Pursuit Health Technologies is a student startup that was provided a mentor from the Venture Devils program

Program Manager Lauren Dunning (left) poses for a photo with her colleague at the Venture Devils table near the Memorial Union at the ASU Tempe campus on Wednesday, Feb. 1, 2017.

Program Manager Lauren Dunning (left) poses for a photo with her colleague at the Venture Devils table near the Memorial Union at the ASU Tempe campus on Wednesday, Feb. 1, 2017.

Two best friends have tossed around the idea of changing the fitness industry for years and as their company expands, their dream is becoming a reality.

Ro Vanaki, a W.P. Carey senior and Pedrum Khosravi, an University of Minnesota alumnus, founded Pursuit Health Technologies last April, aiming to help physical trainers manage their clients. Last month they brought on Arash Tadayon, an ASU Ph.D student to be the CTO of their company. 

It started as just an idea, but now they were in the Phoenix Biz Journal as a top-32 company of Venture Madness.

Vanaki said Pursuit Health Technologies is a software that "aims to bridge the gap between fitness and technology." The software uses machine learning and artificial intelligence to aid personal trainers with administration and managing their clients.

“We’ve developed a feedback analysis tool which can save more time, generate more revenue and make clients happier,” Vanaki said.

After being finalists in ASU's Sun Devil Igniter Challenge, the Pursuit Health Technologies team was introduced to Venture Devils, an ASU program that partners students, faculty and community members who are working on a venture with a mentor to guide them.

Pursuit Health Technologies was paired with Bret Larsen as a mentor, and Larsennow sits on the Board of Advisers for Pursuit Health Technologies. Larsen is a young CEO of his own startup, eVisit, a telehealth software company.

Pursuit Health Technologies is a competing in City Scape Street Pitch and is the only team still in college. Vanaki said Larsen advised him to never let his age discourage him or be intimidated by older teams.

“It’s your passion and your desire to change an industry that matters,” Vanaki said.

Stephanie Sims is a mentor in the Venture Devils program. The teams she mentors are in different developmental phases: One of her teams is prototyping its product and another team is in the revenue stage.

“We have ventures from what we call ideation, which is people who just have a really good idea to potentially solve a problem they identified, all the way through people who are in revenue which means they have a business that is generating sales,” Sims said.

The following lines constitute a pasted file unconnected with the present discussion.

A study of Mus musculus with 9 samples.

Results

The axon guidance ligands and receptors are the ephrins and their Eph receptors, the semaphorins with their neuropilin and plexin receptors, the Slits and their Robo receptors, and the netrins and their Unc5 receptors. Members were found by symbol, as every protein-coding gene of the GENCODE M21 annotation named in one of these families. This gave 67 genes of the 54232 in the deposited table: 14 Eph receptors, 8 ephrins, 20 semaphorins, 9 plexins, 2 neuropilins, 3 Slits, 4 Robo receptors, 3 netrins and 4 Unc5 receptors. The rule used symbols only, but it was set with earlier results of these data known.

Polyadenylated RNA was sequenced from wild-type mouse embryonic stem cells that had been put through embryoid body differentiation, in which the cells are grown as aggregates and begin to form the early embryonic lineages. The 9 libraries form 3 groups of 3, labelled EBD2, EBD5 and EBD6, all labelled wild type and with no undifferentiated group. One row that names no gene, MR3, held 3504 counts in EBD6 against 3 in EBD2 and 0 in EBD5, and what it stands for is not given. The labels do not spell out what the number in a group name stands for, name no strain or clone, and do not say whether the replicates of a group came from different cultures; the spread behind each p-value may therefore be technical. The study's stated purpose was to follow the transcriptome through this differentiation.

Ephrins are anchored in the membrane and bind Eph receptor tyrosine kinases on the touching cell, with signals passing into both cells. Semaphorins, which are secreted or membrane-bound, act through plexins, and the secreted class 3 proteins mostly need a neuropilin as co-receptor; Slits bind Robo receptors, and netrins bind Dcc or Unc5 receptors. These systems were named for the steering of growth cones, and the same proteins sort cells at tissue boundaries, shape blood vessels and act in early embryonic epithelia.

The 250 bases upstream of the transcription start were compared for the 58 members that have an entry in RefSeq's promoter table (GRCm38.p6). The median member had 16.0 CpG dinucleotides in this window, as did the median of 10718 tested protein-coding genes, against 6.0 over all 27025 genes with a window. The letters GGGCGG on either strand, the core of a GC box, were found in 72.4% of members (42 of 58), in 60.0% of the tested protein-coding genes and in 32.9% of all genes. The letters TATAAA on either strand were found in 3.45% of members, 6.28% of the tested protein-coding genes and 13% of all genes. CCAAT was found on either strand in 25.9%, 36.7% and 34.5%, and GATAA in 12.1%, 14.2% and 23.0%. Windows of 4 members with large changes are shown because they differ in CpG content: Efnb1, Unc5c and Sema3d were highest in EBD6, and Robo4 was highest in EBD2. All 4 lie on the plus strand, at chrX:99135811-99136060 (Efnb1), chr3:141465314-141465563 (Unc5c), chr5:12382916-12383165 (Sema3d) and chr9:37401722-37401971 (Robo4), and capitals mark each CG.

Each venture mentor is paired with about six teams, and they work with those teams throughout the whole process. This way, no team has to start over with a new mentor.

Sims said a factor of success is the willingness of a team to talk to clients and to take and act on their feedback. It is important for the team to understand in the ideation phase that their initial idea is a starting point, not the final solution.

“I can tell them what I think, but it’s up to them what they’re going to do with it,” Sims said.

Sarah Hill, program manager in entrepreneurship and innovation, part of the Office of Knowledge Enterprise Development, said Venture Devils is supporting about 230 current ventures. She also said the primary way Venture Devils supports a team is through mentorship.

Hill said most mentors have successfully exited a company and are aware of the startup scene in Arizona. While their advice is valuable, it is also beneficial for them to act as a connector to the opportunities in the Phoenix startup scene.

“Phoenix has a really good startup ecosystem and community that is built, so having (the mentors) ingrained in that and knowing about the different resources that are here locally is a huge advantage,” Hill said.

Hill said Venture Devils is a useful tool for many young entrepreneurs to help them with the ideas they've imagined.

“I think there is a huge untapped population at the University," Hill said. "Especially online. (There are students) that have ideas and don’t realize there is a resource for them.”